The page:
Celebrating Taino Bravery; Not European Pillaging
[Name of Writer]
[Name of Institution]
There is a long and painful history of genocides and carnage all across the Caribbean and in the Americas perpetrated by and in the name of European explorers. It is a history of initially fooling the native tribes into friendship and betraying them later with armies, guns and canons. It is also a history of forcefully snatching lands from underneath cultures as old as time and violently turning the rightful owners into slaves who would now live to provide endless unpaid labor over their own lands to European settlers. However, since the status quo has been dominated by certain sections of the global society for a very long time, it has become custom to confuse colonizing, plundering, slavery and mass extermination with conquests and global exploration. I wholeheartedly believe it is high time we shifted that tide to instead celebrate heroes who stood up for their communities and their people and demanded respect and humanity from the European handlers of death and destruction.
Exploring the global west was without question an unprecedented feat for the Europe of fifteenth century that was looking to consolidate empires and accumulate wealth. Soon it became clear that they did not care how the wealth was collected as long as it eventually drained into their pockets. It is therefore vital to understand the context and the aggressively materialistic intent behind the ‘global exploration’ that Europe and its people are so proud of. Although it is quite evident that the colonizers managed to successfully sell the carnage and the genocide as ‘discovering new lands’ and ‘civilizing’ the inhabitants of said newly discovered land. This statement, in itself, is a contradiction. Discovering new land must mean that the land does not originally belong to anyone. Yet the need for civilizing it must only arise if a community is already settled on it. The only available explanation to the whole world going along with this is the fact that the European settlers economically ended up on the better side of the history and therefore chose which way to tell it.
The documentary that we saw challenges several of these notions. However, the primary idea that it successfully challenges is the image of European explorers that the global west has still managed to uphold. The current image of the face of European expeditions to the new world and the leader ‘explorer’, Christopher Columbus is a living testimony to this fabrication of history and erasure of cultures. Columbus is still hailed as the master voyager who ‘discovered’ America. He is revered and remembered as a hero for Americans and as the founder of the culture and the tradition that made America. The documentary shatters that image and presents the side of history that has been diligently covered up with lies and distractions. No one from Europe discovered America or the islands on the Caribbean because it was not theirs to discover. Similar to the Taino people who already inhabited and sustainably flourished on the islands of modern-day Haiti and Dominican Republic, the indigenous people of the Americas were also the rightful owners and inhabitants of the lands that were violently taken from them.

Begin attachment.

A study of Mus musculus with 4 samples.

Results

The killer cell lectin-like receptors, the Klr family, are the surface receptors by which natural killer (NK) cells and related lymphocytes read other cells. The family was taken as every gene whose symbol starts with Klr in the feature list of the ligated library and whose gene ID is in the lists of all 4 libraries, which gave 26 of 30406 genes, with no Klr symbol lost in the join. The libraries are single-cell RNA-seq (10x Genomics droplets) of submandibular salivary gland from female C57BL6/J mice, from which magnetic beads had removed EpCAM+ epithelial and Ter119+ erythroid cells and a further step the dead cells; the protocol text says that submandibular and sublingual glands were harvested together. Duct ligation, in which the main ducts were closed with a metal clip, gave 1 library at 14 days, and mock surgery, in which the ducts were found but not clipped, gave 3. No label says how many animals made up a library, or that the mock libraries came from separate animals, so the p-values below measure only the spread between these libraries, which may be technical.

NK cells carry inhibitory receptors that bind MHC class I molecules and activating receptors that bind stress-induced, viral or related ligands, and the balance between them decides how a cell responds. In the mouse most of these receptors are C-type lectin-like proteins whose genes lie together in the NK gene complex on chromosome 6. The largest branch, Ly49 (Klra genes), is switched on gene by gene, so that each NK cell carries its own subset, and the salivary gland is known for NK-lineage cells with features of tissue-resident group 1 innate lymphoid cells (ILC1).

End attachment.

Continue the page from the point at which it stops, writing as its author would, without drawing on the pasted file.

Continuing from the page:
Once it can be agreed upon that the documentary and several others like it serve the purpose of carving a new and a more historically accurate image of the European explorers, we can move on to the alternate heroes that the documentary provides. It describes the explorers as deceitful plunderers and therefore eliminates any perception of heroism attached to them. However, it does not leave the position empty and provides us with better alternatives to remember and cherish. Rather than Columbus and his crew of pillagers, it is more morally justifiable to instead remember the heroes of the tribes who fought Columbus.
The documentary narrates the account of the Paramount Chief of one region of the island: Waka Nagiri. He is shown to be unexceptionally hospitable to the European voyagers who were in trouble and needed help. He is also shown as a humble leader who did manual labor with his people. Their kindness and generosity had only resulted in Columbus getting fixated on their gold. The inherent entitlement of the European settlers who automatically believed it was their birthright to snatch lands from their inhabitants is shown in stark contrast with the Taino people of Hispaniola who had so wholeheartedly welcomed Columbus into their home. Waka Nagiri is later mentioned as having fled into the mountains when the Spanish army enslaved his people and mercilessly murdered his subjects. It still takes nothing away from his beneficence and his magnanimity towards the Europeans when they were in need of his help and his food.
However, the true Taino hero of this story who literally emerges from the ashes of slain Taino leaders is Enrique. He witnessed his father being fooled into a meeting with the Europeans who had only intended to kill the leaders while they were all present under one roof. He had also witnessed the fire that ate away one of the last hopes of the otherwise enslaved Taino people. This meant that although Enrique was taken away from his home and raised by Spanish missionaries, his bond with his own identity and the identity of his people was unbroken. The strength and the pride of his Taino identity was spurred by the savage actions of his Spanish ‘master’ and Enrique went on to lead a well-maintained rebellion against the Spanish colonizers for over a decade.
Therefore I sincerely hold on to the belief that instead of celebrating plunderers and murderers like Christopher Columbus, we should focus instead on celebrating people like the Taino hero Enrique.